Picking up all the northerly, western and southern swells from the Atlantic, surf in Portugal is not only impressively tall, but also incredibly consistent. Surfers come from all over the world to ride waves that are only a short drive away from Lisbon, and remain refreshingly chilled when temperatures take a hike. Here, we look at some of the best set-ups, from the uncrowded beaches of Caparica to Peniche (which is famous for hosting one of the ASP World Tours), so you know which part of the coast to head to when the surf’s up, and you want to chase that perfect barrel.
Just north of Lisbon, Praia das Maças boasts waves just as good as its famous neighbour Praia Grande, but doesn’t suffer from the same overcrowding. Just don’t get too carried away, as rocky ends sandwich an otherwise perfect slice of surf.
Bafureira has some of the best rides on the Estoril coast, and all the attention to show for it. With the surf break so predictable, it’s a great place for beginners to start, too. There’s only one small price for all the perfection, however, and that’s the fact that some of the rocks make it a place that should only be surfed at medium to high tide.
Not as predictable as some of the other spots mentioned, but when Carcavelos is having a good day, there are few places Lisbon surfers would rather be. With cylindrical left-rolls, shallow sandbars and crests that average six feet, visitors and locals can all be found plunging into barrels near the cliff edge’s romantic fort, Sao Juliao da Barra.
Although located a bit further from Lisbon, we can’t speak about surf and not mention Praia do Norte in Nazaré, the official record holder of the largest wave ever surfed. The local underwater canyon, along with a happy combination of local winds and currents resulted in one of the most perfect A-frame big waves the world has ever seen. The danger factor is an adrenaline bonus.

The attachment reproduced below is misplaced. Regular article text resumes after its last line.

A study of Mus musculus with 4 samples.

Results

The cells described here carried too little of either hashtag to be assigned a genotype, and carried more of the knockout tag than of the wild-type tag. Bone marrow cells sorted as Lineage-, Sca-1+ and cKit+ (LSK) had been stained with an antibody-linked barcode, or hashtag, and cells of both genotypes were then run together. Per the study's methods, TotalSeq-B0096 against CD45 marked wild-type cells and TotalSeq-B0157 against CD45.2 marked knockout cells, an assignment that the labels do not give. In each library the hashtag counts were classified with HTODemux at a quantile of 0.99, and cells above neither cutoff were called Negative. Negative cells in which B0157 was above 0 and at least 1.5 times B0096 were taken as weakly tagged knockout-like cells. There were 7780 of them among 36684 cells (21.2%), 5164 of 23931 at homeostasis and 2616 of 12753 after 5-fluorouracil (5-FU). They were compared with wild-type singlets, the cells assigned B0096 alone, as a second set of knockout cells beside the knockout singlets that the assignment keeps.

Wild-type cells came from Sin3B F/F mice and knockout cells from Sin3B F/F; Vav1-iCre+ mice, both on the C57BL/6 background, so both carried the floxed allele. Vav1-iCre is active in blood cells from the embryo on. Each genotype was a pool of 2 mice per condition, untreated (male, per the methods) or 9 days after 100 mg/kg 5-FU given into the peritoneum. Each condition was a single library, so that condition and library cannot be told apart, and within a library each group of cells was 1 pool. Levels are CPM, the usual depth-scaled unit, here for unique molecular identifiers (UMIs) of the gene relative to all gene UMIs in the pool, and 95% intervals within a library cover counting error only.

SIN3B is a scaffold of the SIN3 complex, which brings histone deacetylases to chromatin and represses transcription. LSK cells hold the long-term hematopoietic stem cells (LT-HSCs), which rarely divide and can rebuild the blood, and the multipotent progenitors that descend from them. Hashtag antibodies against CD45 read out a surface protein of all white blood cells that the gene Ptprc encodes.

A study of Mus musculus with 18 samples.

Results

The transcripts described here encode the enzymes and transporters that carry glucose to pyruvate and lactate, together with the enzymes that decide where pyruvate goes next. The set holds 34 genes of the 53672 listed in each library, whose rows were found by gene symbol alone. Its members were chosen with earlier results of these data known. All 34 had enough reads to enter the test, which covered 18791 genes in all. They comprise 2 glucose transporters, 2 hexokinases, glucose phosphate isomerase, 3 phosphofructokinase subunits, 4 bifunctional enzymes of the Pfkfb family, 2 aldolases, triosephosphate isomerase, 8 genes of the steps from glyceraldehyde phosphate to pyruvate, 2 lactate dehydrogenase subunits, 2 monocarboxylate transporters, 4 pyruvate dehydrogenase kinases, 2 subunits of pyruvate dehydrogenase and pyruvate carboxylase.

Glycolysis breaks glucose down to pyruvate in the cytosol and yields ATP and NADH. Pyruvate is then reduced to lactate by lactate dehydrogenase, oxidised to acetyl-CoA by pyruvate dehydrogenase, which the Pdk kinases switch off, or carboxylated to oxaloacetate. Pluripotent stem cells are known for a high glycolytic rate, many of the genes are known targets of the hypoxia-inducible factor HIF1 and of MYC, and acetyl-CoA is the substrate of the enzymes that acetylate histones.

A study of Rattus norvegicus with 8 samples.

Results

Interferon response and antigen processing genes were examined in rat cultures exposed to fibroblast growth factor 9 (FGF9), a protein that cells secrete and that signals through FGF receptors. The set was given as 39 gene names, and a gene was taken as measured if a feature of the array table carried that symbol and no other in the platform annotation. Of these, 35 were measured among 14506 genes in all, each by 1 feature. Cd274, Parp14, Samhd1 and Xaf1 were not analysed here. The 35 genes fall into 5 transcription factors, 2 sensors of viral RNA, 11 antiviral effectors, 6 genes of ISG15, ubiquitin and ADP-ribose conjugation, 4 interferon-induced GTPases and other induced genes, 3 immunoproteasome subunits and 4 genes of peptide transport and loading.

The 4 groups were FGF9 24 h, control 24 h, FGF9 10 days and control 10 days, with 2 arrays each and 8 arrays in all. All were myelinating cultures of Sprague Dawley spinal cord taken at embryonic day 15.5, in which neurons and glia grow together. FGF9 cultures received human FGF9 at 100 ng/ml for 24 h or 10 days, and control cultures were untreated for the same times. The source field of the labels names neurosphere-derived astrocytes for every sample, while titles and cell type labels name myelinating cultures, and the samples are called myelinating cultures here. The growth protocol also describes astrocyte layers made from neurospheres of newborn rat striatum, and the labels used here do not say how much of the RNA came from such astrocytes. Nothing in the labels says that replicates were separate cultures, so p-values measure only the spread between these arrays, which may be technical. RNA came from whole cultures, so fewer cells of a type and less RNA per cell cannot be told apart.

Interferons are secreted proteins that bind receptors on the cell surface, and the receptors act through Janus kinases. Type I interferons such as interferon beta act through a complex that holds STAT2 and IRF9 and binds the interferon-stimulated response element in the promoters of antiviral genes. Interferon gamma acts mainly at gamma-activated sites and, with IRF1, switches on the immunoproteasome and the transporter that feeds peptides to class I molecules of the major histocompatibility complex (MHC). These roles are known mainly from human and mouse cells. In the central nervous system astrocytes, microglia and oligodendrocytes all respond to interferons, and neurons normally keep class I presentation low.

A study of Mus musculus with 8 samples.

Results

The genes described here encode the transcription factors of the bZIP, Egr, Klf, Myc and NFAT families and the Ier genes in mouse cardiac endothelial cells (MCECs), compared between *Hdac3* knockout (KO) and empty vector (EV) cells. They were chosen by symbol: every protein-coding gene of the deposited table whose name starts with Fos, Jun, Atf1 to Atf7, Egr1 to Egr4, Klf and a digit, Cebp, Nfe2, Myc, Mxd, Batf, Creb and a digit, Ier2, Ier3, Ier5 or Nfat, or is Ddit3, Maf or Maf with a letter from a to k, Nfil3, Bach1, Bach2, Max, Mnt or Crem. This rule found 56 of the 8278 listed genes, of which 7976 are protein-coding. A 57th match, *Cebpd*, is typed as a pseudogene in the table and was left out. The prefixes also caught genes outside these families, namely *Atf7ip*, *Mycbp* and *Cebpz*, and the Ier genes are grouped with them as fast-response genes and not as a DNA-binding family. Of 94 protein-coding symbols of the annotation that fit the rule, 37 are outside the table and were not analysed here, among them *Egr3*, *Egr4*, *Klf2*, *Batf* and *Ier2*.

Breaking from both left and right, and great in all sorts of tides, Guincho is the gift that keeps on giving. That said, it’s more a treasure for beginners to admire than the real pros, as lots of starters (sometimes known as “grommets” or “kooks”) can be found trying out their moves, failing to honour the line-up, and cutting up the paths of others in the process.
Offering both north and south-facing coastlines, Peniche possesses more than 20 surf spots for surfers of all levels. It’s mostly famous, however, for hosting world-class surf competitions, which bring the likes of Kelly Slater, Mick Fanning and Gabriel Medina to its shores, singing the praises of what everybody calls “the European Pipeline”.
Offering over 20 miles of coastline, Costa da Caparica’s strengths lie in its diverse beaches and consistent surf. Those who prefer uncrowded places and occasional swell should head for the south, whilst those chasing big winds and perfect peaks should opt for one of its northern beaches, which offer first-rate tubes.
A fisherman’s village north of Lisbon, Ericeira is one of the most popular destinations for off-season surf. Famous for being the home beach of Tiago Pires, the first Portuguese surfer to become a celebrity, as well as being the first surfing reserve in Europe, the key to Ericeira’s reputation is the diversity of its coastline, which offers at least five characterful beaches with craggy bays and smudgy sunsets.
This point break provides a great wave to surf and with the right conditions it can be a wonderful experience. There are South Western swells as well as occasionally North Western swells to enjoying. Perfect for all levels, and it works best on the rising tide.